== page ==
Date of Inspection: 12 December 2013
Date of Publication: 7 January 2014
Inspection Report published 07 January 2014 PDF | 72.46 KB

People should get safe and appropriate care that meets their needs and supports their rights (outcome 4)

Meeting this standard

We checked that people who use this service

  • Experience effective, safe and appropriate care, treatment and support that meets their needs and protects their rights.

How this check was done

We looked at the personal care or treatment records of people who use the service, carried out a visit on 12 December 2013 and talked with staff.

Our judgement

People experienced care, treatment and support that met their needs and protected their rights.

Reasons for our judgement

During the inspection, we spoke with the registered manager, who was also the principal plastic surgeon. The registered manager told us they provided cosmetic treatments and services for private fee paying adults. The majority of people who used the service self-referred. The registered manager told us that approximately 134 people underwent surgical procedures and approximately 30 people received non-surgical treatments during the past year.

The clinic offered a range of cosmetic surgical treatments, including face and breast surgery. The clinic also offered non-surgical cosmetic treatments, such as Botox. The registered manager confirmed all surgical procedures were carried out a number of private hospitals and procedures were carried out in line with their procedures. The clinic was only used to carry out consultations and for some minor non-surgical treatments.

When a person was first referred to the service, they underwent an initial consultation with the registered manager. During the consultation process, people were asked to sign consent forms, complete a medical history questionnaire and were given information and leaflets relating to the available treatment options. The registered manager also carried out a screening process to check that the person receiving treatment was physically fit to undergo surgery.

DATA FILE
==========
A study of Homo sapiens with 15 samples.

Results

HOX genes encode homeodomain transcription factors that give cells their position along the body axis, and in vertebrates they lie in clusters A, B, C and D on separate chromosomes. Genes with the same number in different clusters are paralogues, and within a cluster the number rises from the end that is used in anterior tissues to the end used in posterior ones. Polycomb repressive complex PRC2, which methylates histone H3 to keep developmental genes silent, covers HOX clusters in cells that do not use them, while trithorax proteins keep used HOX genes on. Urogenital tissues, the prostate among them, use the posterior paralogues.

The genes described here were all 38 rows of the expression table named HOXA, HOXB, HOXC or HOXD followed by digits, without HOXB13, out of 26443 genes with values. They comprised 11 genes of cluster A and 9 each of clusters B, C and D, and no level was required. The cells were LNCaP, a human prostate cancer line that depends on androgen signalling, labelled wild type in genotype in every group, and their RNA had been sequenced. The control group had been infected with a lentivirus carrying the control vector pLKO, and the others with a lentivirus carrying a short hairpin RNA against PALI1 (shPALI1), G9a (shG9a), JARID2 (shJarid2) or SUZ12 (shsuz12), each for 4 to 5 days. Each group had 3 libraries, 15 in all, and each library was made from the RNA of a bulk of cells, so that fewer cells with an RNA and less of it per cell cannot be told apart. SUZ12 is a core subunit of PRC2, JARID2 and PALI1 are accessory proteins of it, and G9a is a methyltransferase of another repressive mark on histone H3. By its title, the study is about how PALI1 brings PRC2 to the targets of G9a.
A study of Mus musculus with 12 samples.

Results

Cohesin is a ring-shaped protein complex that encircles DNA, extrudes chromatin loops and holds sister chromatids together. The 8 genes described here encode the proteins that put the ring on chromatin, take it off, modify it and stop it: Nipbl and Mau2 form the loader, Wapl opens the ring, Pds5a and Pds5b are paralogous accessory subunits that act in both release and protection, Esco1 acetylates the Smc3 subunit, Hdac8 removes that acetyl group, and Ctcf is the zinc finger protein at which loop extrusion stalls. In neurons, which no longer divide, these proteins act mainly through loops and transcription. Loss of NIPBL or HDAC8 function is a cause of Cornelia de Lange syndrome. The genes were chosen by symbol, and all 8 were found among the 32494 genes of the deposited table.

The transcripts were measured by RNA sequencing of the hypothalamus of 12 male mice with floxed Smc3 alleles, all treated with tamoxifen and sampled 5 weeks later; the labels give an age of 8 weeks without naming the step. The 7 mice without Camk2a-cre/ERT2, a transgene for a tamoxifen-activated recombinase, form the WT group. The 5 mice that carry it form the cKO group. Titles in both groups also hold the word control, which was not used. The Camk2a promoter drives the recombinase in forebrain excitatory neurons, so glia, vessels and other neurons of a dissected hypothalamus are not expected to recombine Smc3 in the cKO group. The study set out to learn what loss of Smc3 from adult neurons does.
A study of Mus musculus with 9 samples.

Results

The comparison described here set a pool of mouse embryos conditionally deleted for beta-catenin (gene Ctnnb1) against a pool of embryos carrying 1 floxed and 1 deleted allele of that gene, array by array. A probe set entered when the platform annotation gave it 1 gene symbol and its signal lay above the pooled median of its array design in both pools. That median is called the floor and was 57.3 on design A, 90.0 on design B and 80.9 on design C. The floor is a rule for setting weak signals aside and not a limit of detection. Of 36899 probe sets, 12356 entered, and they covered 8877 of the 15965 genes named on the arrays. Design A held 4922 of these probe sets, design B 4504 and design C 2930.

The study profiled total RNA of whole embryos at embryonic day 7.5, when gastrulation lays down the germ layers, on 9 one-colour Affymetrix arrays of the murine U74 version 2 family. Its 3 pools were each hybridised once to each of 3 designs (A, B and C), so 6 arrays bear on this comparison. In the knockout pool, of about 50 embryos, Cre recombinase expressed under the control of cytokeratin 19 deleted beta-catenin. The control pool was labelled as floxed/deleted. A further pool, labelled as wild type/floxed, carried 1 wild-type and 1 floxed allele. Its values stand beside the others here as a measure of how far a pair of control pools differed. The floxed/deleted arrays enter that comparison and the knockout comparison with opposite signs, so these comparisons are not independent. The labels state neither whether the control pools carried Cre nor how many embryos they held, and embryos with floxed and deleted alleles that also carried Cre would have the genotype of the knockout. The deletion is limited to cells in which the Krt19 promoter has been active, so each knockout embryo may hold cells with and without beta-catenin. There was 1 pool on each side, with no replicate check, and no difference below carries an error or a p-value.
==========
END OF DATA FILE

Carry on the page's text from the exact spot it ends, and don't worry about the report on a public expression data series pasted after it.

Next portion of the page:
During the visit, we looked at three people’s medical files. These were complete and up to date and included consultation notes, records of surgical procedures and follow up appointment records. The records we looked at showed that the treatment or procedures carried out were specific to each person and based on their needs and preferences.

The registered manager told us that if a person had a specific medical condition, such as heart problems, then written consent was sought from their General Practitioner (GP) and input from a cardiologist was sought before they could proceed with any treatments or services. We saw evidence of this in the medical files we looked at.

The registered manager told us that routine follow up appointments were carried out after a procedure. The records we looked at showed that people received routine follow up consultations to assess whether there had been any changes in their general health and well-being.

The provider had a number of emergency procedures in place, which identified and mitigated the risks arising from emergencies that could affect the provision of care.

The provider did not have a business continuity plan but there were number of emergency procedures in place, which identified and mitigated the risks arising from emergencies that could affect the provision of care. We saw that there was equipment in place to deal with medical emergencies, such as an emergency drugs pack.

The provider may wish to not that the drugs pack did not contain a number of items, including Aspirin 300mg tablets and Hydrocortisone Sodium Phosphate injection. The registered manager told us these items had been removed because they had expired but had not yet been replaced.